May 16, 2013 | Age Appropriateness, condos, cottage owners, Liberty Village, Toronto
For a long time, there have been certain undeclared turf rules about condominiums in Toronto. Rules that have to do with the age of the condo owners. Buying a condo, like every day life, has a certain level of age appropriateness. Just what do I mean by that? Well, it’s not a judgement like: Any one who is above the age of 18 should not be riding a skateboard. But, there are certain condos that attract different age groups.
In Toronto, there are neighbourhoods that are younger. Liberty Village seems to be largely for those in there 20s and 30s. If you have a dog, in addition to your youngness, even better. Any older, and you may feel like the adult chaperone at a high school dance, though I do know many 40 plus Torontonians who are happy clients in these parts.
It is true that young people are more likely to buy condos since they are overwhelmingly first time buyers, and houses are increasingly getting out of their price range. Condos seems like a natural fit for the young. This trend will continue in Toronto in the years to come. There are still some houses for sale for first time buyers, but there will be fewer and fewer as the years pass.
The younger set also like condos because they can live right in the city as a first time buyer. One young client, who is selling his condo, said to me this past weekend: “Me and my girlfriend are moving to Oakville. Toronto was for fun.” So, there is a view out there that Toronto is a kind of playground for the young and the single. A place to have fun and be all Sex In the City. Then, you go the burbs to have kids or get a bigger place.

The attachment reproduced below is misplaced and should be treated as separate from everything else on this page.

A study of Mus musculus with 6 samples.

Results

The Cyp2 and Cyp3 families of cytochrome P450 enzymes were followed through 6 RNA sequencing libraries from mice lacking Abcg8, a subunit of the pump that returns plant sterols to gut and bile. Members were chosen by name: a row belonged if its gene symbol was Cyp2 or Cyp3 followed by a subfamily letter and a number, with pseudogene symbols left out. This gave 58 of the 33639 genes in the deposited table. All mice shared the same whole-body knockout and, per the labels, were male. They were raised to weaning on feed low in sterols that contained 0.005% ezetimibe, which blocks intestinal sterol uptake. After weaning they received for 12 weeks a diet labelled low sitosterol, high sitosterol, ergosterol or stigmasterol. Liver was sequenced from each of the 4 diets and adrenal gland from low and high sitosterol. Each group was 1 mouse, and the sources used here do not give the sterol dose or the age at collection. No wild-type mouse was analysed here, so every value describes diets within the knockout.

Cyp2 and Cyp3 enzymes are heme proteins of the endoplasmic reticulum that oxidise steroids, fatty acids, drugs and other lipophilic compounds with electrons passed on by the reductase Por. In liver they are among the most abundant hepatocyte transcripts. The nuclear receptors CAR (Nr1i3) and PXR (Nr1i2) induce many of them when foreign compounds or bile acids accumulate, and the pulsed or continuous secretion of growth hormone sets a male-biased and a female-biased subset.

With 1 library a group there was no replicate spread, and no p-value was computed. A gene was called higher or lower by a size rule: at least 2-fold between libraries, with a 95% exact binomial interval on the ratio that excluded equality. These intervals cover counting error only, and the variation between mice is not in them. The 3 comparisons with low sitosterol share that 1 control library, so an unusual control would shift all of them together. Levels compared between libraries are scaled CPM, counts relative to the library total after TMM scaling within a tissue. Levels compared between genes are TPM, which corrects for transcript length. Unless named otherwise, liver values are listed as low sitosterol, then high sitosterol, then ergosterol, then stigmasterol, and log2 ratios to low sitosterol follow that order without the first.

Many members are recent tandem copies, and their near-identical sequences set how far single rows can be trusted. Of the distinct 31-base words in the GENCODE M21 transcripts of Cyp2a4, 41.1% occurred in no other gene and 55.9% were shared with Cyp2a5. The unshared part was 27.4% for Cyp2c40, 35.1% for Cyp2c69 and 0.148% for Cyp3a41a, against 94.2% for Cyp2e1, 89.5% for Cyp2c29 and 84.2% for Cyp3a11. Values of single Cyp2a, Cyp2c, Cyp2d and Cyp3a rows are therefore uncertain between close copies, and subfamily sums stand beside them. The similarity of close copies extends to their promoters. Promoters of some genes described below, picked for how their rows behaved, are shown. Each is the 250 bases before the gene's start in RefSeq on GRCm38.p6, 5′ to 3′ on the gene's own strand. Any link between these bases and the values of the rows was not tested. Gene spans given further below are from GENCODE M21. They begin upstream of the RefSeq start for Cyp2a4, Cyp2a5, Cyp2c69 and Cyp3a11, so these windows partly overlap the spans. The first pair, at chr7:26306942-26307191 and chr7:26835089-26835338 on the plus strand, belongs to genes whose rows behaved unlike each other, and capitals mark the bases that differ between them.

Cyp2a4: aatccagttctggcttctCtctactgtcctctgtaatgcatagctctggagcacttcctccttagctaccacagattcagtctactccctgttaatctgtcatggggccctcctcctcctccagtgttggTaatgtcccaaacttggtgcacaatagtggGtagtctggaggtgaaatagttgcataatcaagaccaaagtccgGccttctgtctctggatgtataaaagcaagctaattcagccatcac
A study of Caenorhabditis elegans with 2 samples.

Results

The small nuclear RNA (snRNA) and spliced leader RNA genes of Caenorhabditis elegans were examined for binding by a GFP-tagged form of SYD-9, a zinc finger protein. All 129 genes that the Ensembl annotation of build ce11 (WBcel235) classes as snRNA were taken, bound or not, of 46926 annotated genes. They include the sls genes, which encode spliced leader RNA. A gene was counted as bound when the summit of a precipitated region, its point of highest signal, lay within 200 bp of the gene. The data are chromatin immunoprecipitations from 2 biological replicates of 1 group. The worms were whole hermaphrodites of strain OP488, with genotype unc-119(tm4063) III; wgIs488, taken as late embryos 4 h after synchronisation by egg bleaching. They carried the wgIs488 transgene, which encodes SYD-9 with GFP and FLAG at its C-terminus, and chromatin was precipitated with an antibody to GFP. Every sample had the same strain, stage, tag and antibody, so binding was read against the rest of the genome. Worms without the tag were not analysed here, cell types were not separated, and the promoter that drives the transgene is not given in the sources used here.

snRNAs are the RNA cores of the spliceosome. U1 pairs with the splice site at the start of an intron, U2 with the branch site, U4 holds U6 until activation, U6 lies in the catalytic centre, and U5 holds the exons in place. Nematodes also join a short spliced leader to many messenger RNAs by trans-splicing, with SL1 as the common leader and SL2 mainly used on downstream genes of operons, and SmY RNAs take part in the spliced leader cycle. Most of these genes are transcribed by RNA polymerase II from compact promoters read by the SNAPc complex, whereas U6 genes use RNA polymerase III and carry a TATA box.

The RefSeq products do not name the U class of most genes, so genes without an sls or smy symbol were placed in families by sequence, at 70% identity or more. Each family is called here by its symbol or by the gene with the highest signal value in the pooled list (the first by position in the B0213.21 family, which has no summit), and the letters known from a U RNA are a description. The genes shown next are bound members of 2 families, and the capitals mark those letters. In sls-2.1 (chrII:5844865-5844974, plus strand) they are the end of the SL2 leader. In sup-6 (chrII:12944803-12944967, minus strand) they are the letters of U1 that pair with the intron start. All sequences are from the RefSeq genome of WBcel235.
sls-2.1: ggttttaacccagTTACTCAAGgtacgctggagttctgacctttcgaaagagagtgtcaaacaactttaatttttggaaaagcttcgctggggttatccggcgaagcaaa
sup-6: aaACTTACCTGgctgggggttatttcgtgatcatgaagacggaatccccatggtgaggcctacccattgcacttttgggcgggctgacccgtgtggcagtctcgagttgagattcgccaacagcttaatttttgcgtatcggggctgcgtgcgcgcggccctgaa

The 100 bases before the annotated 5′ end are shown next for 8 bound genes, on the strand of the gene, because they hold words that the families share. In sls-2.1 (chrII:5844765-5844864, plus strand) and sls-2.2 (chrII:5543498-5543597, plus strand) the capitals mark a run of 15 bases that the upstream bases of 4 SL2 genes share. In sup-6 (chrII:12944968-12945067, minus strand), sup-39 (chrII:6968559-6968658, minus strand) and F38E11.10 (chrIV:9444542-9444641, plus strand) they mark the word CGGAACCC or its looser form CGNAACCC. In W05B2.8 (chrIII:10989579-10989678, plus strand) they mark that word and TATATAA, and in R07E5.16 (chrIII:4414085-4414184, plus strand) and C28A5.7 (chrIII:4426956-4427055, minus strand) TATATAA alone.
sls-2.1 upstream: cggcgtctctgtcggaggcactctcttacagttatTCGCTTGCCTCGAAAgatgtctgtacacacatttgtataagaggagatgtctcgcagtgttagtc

On the flip side of that, you have the older people condos. Traditionally, these buildings were built in the 80s, have huge maintenance fees and are prone to having a fussy condo board. The upside is that they are quiet, and the units are enormous. The young may be easy going and light, but wow, they sure like to party. At least that’s the commonly held belief. Seniors like condos because they are easier to maintain and there’s no stairs.
For a long time, I found that these ages didn’t mix much in condoland, but I’m starting to see a bit of a shift.
Recently, I have seen a huge surge in the numbers of people who want to buy a condo because of the ease of owning one. I see Empty Nesters in their 50s and 60s ditching their suburban house and all the yard work that comes with it for a trendy condo near theatres and coffee shops. I am surprised at how many foodies there are, of all ages, that need to be in the city, walkable distance to good restaurants.
I’ve also noticed a large number of cottage owners that prefer to have an easy place to keep in the city, but a house on the lake in the warmer months that they can work on. They want to be able to lock and leave their condo for weeks.
And I’m also seeing a lot more young people interested in buying older condos for the bigger space and the quiet, older neighbours. Let’s face it. Some younger folks work long hours and can certainly appreciate the quiet.
Now, it’s not like all the walls are coming down. Most people over 50 still ask me why a converted loft has all the pipes exposed. “Hasn’t the ceiling been finished yet?” they wonder. And young people do tend to gravitate to the places where all of their friends live.
But I think the mixing of ages that I’m seeing is a sign that Toronto is maturing and becoming more interesting. It seems to be attracting more people who are drawn to the lifestyle of the city. Cities of the past used to imply a kind of alienated place where people can get lost, and be alone around millions, but what I see now are the formation of neighbourhoods and condo boards that foster community and interaction. And that’s a good thing for any age.